The Awesomeness of Purple Prose

Oct 21, 2008 by

Purple Prose: Purple prose is a term of literary criticism used to describe passages, or sometimes entire literary works, written in prose so overly extravagant, ornate, or flowery as to break the flow and draw attention to itself. Purple prose is sensually evocative beyond the requirements of its context. It also refers to writing that employs certain rhetorical effects such as exaggerated sentiment or pathos in an attempt to manipulate a reader’s response.

This is an excerpt from a book I am presently reading. Does is it fit the example of purple prose? You decide:

“The broad head of the shaft entered her sex, past the slick folds of flesh, moving slowly in. The inexorable grace of a dragon’s head penetrating, a hot, moist cave where the maiden waited. But she did not tremble in fear – much. he held her close and, Great Lady, he was so big.

Dragon’s head, hot, moist cave and the big size, makes for a fun time?


  1. Noooo, not purple at all. I often think of dragon heads and caves in relation to sex. πŸ˜›

  2. Personally the idea of a maiden waiting in my cooch freaks me the fuck out. πŸ˜€

  3. I don’t know if it’s purple but it sure is a turn off. πŸ˜‰

  4. Aw, don’t we all want the lusty power of a dragon in our womb?

  5. I read it and was dumbstruck…

    Are you going to keep reading?

  6. ‘he was so big’ isn’t a purple prose but the other two are. Most writer’s use purple prose. Actually, I’d say they all do at some point. Some more than others.

  7. Orannia: This is just a small taste of what I am reading. I must perform a service to the readers and give my views to protect those who are scared of purple prose, or those who embrace it! πŸ˜€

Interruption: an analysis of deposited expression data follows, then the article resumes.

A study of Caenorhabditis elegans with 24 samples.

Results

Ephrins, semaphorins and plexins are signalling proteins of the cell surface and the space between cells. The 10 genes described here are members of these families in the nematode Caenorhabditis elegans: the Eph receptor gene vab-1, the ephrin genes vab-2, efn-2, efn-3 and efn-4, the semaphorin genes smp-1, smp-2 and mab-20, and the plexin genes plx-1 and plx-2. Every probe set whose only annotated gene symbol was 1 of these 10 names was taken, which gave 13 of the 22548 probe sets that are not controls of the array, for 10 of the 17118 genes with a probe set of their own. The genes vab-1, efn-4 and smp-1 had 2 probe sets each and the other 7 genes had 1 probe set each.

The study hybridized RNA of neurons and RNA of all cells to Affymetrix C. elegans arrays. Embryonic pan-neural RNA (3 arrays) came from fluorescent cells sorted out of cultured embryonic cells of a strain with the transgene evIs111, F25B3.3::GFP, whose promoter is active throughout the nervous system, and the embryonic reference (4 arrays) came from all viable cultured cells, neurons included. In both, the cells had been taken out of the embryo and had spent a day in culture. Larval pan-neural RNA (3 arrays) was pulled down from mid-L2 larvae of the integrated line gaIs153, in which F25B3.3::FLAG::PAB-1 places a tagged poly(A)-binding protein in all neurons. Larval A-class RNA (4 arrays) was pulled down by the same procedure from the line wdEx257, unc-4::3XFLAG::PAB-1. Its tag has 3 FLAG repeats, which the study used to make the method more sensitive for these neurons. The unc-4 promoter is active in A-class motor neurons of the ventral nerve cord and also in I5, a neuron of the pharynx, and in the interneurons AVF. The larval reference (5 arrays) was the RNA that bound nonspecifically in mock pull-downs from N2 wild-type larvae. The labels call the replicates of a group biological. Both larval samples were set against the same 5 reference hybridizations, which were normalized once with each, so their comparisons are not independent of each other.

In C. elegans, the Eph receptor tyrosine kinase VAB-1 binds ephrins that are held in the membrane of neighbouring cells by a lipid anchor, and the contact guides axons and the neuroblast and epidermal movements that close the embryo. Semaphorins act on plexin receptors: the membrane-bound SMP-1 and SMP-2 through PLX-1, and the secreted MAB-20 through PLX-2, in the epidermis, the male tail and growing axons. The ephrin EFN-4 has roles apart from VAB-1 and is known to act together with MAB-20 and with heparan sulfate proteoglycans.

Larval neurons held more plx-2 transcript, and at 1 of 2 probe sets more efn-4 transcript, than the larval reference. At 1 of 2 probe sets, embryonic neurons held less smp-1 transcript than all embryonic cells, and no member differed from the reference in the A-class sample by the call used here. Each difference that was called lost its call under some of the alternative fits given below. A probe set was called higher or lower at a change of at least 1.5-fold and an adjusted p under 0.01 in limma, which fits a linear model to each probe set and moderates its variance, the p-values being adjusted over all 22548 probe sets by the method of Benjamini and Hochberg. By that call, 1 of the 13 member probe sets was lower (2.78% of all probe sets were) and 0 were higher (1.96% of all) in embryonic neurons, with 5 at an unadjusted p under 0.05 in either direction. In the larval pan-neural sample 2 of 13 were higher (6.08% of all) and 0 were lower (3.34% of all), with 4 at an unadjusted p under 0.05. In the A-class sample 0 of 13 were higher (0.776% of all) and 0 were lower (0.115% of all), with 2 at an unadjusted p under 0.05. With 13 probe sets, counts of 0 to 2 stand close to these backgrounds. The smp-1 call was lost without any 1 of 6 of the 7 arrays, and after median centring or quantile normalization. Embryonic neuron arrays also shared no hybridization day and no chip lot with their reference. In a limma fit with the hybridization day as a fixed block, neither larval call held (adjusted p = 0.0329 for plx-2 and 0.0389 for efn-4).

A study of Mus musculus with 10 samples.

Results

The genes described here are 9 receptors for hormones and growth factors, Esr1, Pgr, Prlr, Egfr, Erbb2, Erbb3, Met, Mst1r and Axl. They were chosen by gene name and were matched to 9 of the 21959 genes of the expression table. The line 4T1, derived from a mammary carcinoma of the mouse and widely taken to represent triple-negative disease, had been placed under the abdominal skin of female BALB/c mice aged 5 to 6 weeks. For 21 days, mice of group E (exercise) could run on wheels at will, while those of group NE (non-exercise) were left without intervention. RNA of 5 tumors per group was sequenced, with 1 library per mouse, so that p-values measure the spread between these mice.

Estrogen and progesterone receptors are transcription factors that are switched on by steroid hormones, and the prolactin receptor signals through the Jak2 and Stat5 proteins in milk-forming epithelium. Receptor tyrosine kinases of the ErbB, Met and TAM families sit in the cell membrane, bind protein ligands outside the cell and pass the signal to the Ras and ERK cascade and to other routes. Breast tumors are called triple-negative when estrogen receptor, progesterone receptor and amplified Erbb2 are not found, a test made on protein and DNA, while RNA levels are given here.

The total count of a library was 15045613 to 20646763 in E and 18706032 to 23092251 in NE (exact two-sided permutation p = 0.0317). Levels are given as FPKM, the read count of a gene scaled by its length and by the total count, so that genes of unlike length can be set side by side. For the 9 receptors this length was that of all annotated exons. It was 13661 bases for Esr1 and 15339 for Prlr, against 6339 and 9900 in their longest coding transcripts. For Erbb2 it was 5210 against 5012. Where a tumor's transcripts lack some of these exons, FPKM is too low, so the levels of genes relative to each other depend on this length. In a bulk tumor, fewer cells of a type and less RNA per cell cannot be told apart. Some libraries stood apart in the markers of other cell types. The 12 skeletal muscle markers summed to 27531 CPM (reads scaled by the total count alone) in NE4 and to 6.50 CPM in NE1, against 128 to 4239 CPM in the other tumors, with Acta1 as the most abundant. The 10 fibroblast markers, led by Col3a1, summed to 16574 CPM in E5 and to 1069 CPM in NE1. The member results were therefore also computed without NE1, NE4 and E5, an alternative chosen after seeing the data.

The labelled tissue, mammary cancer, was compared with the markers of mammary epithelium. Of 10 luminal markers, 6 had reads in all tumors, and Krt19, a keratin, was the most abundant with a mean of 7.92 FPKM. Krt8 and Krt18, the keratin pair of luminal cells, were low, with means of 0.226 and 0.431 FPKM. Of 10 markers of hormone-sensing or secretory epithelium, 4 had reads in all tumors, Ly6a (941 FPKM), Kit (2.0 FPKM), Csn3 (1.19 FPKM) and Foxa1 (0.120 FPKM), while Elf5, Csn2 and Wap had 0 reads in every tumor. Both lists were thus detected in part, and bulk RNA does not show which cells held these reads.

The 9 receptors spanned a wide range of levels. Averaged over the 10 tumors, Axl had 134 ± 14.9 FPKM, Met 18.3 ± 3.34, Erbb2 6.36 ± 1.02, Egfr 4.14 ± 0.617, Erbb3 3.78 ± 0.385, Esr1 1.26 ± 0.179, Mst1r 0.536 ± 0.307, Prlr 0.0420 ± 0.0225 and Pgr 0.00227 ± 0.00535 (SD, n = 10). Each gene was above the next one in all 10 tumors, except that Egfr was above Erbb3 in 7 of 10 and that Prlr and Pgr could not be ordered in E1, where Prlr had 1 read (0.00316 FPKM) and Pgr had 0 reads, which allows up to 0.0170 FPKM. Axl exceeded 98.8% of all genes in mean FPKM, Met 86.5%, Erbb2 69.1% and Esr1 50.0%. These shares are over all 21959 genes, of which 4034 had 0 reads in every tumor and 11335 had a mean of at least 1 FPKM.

8. The first and last sentences were okay, but inexporable grace of a dragon’s head in a hot-moist cave? aren’t caves usually usually damp and freezing. And dragon’s grace…er…not exactly an imagine I want.

    I’ll never be able to read a dagon book entering the cave the same way again. Oh wait, yes I can. πŸ˜›

    Oh, oh, you just inspired me. I see a redhead next to a dragon cave *cough* yelling at the dragon. Ahem. ^_~

  9. The mental picture conjured by that passage made me turn purple.

  10. Is it supposed to be ‘inexorable’ or ‘inexplorable’? Either is confusing, actually.

  11. Megan: It should be “inexorable”. My bad. I fixed it.


  14. Oooooo! LOL This is purple. Or not just purple, but what is the word I’m searching for….oh yeah, INSANE.

    I agree with LL: I got no maiden in there I know of. Dragons, stay out!

  15. But I don’t know, when I read it again, if the maiden wasn’t in there, I’d like it, I think. It has a certain rhythm, and it sort of depends on the book as a whole.

  16. But CJ, don’t dragons has long talented tongues?

  17. Dragon. huh. Fire breathing?

  18. yeah, you know, I suppose that burning sensation is never a good sign.

  19. C2

    I keep picturing a tiny tattoo sign on her inner thigh – Abandon all hope, ye who enter here. Here be dragons.

    Just me? Yup, I thought so.

  20. Makes me think of that corona-shaped penis we were discussing. Eesh!

  21. And the “he was so big” part doesn’t bother me. The dragon’s head? Um, when I think of that I think of things like Anne McCaffrey’s Dragons of Pern. Those are not little lizards…

    Ick!

  22. YEESH!

    Now see? It’s writing like that that makes everyone pick on the Purple Prose.

    There’s an art to writing with that technique. I personally feel like Bertrice Small is one of the very few authors who do Purple Prose right. Okay, sometimes even SHE goes over the top, but I still think she’s a godddess.